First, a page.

Honey, We Love Rick Moranis: Celebrating the (Hopeful) Return Of Our Favorite Hollywood Dad and Nerdy Best Friend
If you’ve been alive for more than a decade, there’s a good-to-decent chance you’ve seen a movie starring one of the greatest comedic actors of his, or any, generation: Rick Moranis. For a period in the 1980s and early 1990s, the comedian was in just about every movie that children of all ages could watch and love. If you were actually a child in this period, like so many of us Pajibans, he was your more-charming, more-likeable Woody Allen-ish movie dad. If you were older, he was very easily your nerdy-in-the-classical-sense best movie friend. Even in movies or TV series that were wholly unremarkable or transparently awful — looking at you, The Flintstones, “Gravedale High,” and the later Honey movies — Rick Moranis was never not funny. Or endearing, or memorable, or worth the price of admission.
But in 1997 Moranis famously retired from acting. Six years after the passing of his beloved wife, Ann, he was a single father who just couldn’t bear the grind of both Hollywood and parenthood. One could argue that Moranis could have afforded hired help to assist in raising his children, but there’s a quiet nobility in abandoning a thriving career in favor of family that cannot be dismissed. In 2005, he explained himself thusly, retroactively making his impassioned pleas to save his crumbling marriage in Parenthood even more affecting:
“I’m a single parent and I just found that it was too difficult to manage raising my kids and doing the travelling involved in making movies. So I took a little bit of a break. And the little bit of a break turned into a longer break, and then I found that I really didn’t miss it.”
As much as his fans would have loved to see the actor keep going, quitting just made perfect sense. But was then, and this is 2013. His children are grown and Moranis has been slowly reemerging into the pop culture arena, mostly by lending his voice to animated fare and releasing two comedic country albums. His most-recent will be available for pre-order on May 21st through his website, and that means we’ll likely see him on the talk show circuit leading up to the album’s release. Undoubtedly, the happily retired comic will be asked if he’s coming back to acting or not, and his response will likely be vague and indeterminate just because it’s always smart to keep your options open. But at least we’ll get to see Moranis on our TVs again, and that’s not nothing.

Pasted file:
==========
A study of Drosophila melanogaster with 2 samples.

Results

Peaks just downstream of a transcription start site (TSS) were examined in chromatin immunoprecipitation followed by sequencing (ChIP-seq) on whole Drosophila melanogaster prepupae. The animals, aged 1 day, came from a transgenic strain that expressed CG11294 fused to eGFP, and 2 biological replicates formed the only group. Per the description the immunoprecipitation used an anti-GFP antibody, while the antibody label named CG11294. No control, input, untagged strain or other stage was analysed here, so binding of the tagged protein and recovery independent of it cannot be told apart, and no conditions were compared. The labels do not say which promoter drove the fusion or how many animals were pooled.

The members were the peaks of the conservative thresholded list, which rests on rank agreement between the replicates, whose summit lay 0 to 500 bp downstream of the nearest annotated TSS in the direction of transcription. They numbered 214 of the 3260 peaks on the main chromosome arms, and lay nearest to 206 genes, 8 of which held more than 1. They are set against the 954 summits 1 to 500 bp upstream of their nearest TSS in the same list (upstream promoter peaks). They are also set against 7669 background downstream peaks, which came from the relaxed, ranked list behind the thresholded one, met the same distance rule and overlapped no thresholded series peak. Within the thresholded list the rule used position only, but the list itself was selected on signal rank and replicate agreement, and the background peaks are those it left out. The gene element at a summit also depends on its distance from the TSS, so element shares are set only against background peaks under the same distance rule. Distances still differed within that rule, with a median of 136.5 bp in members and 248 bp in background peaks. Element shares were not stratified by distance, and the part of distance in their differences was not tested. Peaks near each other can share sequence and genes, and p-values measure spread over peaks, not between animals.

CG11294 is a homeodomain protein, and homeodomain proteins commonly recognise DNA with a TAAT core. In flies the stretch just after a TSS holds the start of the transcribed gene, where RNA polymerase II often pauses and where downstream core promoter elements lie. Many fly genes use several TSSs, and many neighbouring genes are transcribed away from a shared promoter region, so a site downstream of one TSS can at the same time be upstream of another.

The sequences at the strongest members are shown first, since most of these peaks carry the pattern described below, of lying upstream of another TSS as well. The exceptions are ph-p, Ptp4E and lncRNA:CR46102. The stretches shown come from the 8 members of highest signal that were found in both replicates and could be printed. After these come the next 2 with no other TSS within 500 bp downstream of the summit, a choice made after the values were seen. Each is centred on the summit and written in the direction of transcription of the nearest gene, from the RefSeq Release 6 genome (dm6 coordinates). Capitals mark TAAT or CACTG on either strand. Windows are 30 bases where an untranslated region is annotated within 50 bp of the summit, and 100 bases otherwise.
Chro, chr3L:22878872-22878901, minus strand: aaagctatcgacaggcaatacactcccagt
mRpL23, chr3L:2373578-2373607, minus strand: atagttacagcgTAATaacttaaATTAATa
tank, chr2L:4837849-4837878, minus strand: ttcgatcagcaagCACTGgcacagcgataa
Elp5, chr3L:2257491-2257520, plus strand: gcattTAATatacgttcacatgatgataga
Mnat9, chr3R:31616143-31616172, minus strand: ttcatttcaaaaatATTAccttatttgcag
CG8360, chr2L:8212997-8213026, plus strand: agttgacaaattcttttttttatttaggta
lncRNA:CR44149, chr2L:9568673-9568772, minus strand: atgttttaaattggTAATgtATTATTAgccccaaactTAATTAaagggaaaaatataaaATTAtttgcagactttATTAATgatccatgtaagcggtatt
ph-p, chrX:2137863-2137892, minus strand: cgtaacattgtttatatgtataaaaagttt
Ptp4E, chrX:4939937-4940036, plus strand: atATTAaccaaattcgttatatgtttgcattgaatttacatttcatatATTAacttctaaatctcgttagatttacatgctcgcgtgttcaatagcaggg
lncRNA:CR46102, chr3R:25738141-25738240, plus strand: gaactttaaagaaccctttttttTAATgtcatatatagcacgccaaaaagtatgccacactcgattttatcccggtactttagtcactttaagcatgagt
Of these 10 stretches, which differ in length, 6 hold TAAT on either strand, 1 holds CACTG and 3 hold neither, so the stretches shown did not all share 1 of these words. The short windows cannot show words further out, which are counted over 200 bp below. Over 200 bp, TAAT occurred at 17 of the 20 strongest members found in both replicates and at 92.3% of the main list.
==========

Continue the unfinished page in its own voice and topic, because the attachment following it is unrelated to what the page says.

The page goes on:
So, regardless of whether or not this signifies a real comeback or not — something we’ve been hoping would happen around here for a while — like friend-of-the-site Josh Kurp’s slideshow over on Uproxx, I just want to bask in Moranis’ former greatness. Without further ado, here are The Best Roles of Rick Moranis’ Career. Enoy(!):
Bob McKenzie (Strange Brew, 1983)
Louis Tully (Ghostbusters/Ghostbusters II, 1984/1989)
Seymour Krelborn (The Little Shop of Horrors, 1986)
Dark Helmet (Spaceballs, 1987)
Wayne Szalinski (Honey, I Shrunk the Kids, 1989)
Nathan Huffner (Parenthood, 1989)
Barney Coopersmith (My Blue Heaven, 1990)
Danny O’Shea (Little Giants, 1994)
Rob Payne also writes the comic The Unstoppable Force, tweets on the Twitter, tumbls on the Tumblr, and his wares can be purchased here. He hopes Gene Wilder is next on the coming-out-of-retirement bandwagon.